If you tell most people to close their eyes and imagine a "vintage apron" this is the apron they'll see in their mind's eye. This apron goes by many names: pinafore apron, bib apron, farmhouse apron, kitchen apron, full coverage apron, work apron, church ladies' apron. The pattern companies have always offered this style of apron for their customers, though in the last 15 years or so the style has been called out more as a vintage or retro offering than work wear.
This particular pattern shows up on eBay pretty regularly. There may be several reasons for this. It may have been considered a good teaching pattern for Home Economics classes. For some wartime industrial jobs, this type of apron would have been acceptable work wear. If the pattern companies reduced their new offerings during World War II, women might have had fewer choices when they went to buy an apron pattern. I have two copies of this apron pattern. One is pristine and unused. And then there is this one, which I thought was much more interesting.
This pattern has had a very productive life. Both the envelope and the pattern pieces have seen a lot of use. This was somebody's favorite apron pattern - or perhaps the maker had neither the desire nor the means to replace a perfectly functional pattern. I suspect she made aprons for her own use.
Observing the way a pattern has been used almost allows us to hear the maker's voice:
"I never cut that little facing piece for the back - too much trouble."I decided to start the new year by making myself a new apron, and I chose to use this pattern more or less as it was provided, using the pattern pieces for the fiddly facing bits and the strings, but not the pepper appliques - my whimsy goes only so far! The fabric is a remnant I've had in my stash for years, and regular readers will recognize the lavender gingham bias binding from an enormous quantity I cut a few years ago and use regularly.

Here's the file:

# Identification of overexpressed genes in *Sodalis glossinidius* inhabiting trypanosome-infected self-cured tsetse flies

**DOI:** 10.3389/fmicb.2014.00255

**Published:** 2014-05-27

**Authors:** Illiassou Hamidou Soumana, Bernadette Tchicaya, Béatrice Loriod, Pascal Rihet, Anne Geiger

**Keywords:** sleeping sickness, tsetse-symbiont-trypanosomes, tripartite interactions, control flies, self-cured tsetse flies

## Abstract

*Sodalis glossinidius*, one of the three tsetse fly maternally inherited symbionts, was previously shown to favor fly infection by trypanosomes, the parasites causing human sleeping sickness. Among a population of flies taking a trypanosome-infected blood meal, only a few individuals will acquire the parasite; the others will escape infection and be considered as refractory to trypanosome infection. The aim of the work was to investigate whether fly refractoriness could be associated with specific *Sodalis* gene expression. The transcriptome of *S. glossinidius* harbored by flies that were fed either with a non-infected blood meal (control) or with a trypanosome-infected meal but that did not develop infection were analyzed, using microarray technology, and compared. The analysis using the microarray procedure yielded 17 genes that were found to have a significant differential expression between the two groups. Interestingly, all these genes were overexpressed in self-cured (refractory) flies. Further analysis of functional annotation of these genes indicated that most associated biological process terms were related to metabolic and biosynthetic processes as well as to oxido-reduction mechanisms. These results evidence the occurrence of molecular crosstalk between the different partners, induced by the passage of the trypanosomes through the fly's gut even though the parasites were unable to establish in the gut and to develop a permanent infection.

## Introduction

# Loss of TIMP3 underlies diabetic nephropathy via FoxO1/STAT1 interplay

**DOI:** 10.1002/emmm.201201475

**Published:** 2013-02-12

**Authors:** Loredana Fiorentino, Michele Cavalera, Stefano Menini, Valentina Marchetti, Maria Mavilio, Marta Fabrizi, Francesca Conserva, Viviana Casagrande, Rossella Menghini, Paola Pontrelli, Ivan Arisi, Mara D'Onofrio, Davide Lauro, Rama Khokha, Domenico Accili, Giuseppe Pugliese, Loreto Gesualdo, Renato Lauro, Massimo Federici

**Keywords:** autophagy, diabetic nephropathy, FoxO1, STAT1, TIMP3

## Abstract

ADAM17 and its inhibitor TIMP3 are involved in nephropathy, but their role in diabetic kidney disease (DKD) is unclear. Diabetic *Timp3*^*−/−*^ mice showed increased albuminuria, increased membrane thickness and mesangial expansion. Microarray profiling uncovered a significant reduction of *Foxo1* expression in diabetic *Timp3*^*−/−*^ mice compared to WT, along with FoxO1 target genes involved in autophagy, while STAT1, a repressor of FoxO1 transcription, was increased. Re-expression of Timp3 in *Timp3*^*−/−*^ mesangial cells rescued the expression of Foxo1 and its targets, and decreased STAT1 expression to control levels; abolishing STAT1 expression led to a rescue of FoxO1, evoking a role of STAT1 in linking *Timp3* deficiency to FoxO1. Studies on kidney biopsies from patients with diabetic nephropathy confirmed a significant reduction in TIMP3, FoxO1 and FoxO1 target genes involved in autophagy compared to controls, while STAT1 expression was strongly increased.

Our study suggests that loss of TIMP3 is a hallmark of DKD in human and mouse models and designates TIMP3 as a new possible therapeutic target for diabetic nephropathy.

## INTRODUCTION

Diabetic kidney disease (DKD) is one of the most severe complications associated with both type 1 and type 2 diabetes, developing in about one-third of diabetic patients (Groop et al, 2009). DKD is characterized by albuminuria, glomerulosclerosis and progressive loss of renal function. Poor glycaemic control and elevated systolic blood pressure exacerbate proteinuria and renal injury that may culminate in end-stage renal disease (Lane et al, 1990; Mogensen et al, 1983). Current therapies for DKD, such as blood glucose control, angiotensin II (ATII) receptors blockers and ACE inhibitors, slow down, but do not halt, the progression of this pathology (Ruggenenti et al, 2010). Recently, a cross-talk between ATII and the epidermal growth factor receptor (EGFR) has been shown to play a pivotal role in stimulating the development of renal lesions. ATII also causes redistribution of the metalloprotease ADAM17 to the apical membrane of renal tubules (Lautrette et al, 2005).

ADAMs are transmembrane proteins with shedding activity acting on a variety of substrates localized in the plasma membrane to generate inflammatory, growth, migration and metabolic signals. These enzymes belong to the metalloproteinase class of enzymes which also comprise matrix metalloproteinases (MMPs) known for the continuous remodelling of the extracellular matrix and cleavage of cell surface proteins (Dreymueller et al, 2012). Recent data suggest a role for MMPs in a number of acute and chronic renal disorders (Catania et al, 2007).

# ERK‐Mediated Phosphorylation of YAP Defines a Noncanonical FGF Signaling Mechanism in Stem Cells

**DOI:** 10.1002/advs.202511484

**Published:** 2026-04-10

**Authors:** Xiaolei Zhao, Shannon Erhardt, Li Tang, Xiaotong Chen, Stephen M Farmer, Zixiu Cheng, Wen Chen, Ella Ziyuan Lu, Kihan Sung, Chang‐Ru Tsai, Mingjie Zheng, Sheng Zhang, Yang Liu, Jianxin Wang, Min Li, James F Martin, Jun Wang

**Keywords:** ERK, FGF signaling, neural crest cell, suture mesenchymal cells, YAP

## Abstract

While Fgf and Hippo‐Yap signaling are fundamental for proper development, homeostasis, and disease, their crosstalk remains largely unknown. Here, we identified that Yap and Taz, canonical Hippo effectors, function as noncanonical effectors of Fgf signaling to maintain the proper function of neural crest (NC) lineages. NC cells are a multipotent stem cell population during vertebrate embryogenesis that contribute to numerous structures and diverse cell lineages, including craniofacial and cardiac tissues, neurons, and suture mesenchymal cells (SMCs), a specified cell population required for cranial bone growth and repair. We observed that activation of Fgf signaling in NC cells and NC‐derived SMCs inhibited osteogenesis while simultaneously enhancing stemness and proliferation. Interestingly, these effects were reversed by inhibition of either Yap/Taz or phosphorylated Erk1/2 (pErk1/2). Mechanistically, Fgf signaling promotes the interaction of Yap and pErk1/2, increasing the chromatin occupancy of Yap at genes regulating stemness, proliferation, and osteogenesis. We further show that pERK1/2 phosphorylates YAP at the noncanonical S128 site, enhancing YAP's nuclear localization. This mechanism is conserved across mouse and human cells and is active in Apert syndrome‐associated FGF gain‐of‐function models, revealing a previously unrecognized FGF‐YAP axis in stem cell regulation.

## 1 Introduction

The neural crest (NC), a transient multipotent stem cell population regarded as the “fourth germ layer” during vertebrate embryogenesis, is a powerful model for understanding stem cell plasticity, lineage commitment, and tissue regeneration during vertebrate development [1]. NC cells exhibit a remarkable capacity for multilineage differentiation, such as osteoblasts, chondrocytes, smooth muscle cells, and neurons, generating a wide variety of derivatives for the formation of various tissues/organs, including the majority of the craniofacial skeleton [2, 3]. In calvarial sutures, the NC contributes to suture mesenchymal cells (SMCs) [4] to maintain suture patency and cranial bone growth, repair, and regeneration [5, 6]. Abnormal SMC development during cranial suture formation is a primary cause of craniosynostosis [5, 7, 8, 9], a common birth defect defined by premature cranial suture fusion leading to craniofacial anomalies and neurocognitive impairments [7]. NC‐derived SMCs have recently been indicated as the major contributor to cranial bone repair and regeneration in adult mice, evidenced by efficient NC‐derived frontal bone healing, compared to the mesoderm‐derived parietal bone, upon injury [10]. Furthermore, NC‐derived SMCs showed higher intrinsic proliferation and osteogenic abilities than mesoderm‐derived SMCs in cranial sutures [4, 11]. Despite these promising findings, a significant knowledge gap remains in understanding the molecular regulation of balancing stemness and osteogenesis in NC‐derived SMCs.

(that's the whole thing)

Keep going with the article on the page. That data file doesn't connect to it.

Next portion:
"I don't know why you'd need to a pattern piece for the strings - they're just rectangles, and anyway, I like mine narrower/wider/longer/shorter."
"I don't pay any attention to the grain line for the lower back piece - I just line up the back edge along the selvage - it's faster that way.""
"Why would I want to spend time putting those pepper appliques on a work apron?"
Here's that facing piece (on the right; the upper back apron is on the left.)
As usual with McCall patterns, this printed pattern was very accurate and went together very well.
Note the horizontal slashed dart in the side fronts to add bust fullness. You can see on the inside where I've left in my yellow gathering stitches.
Although the instructions didn't call for it, I topstitched this dart for added strength.
Here's the completed apron, just before its maiden voyage to the kitchen. I'm afraid it'll never look this nice again:
Here it is opened out, showing that it would be relatively easy to iron (if one were so inclined.)
The back is fastened with a single vintage shell button from my stash.
I've been wearing this apron for kitchen work for about two weeks now, and I find it very comfortable. I think I understand why the pattern was used so much.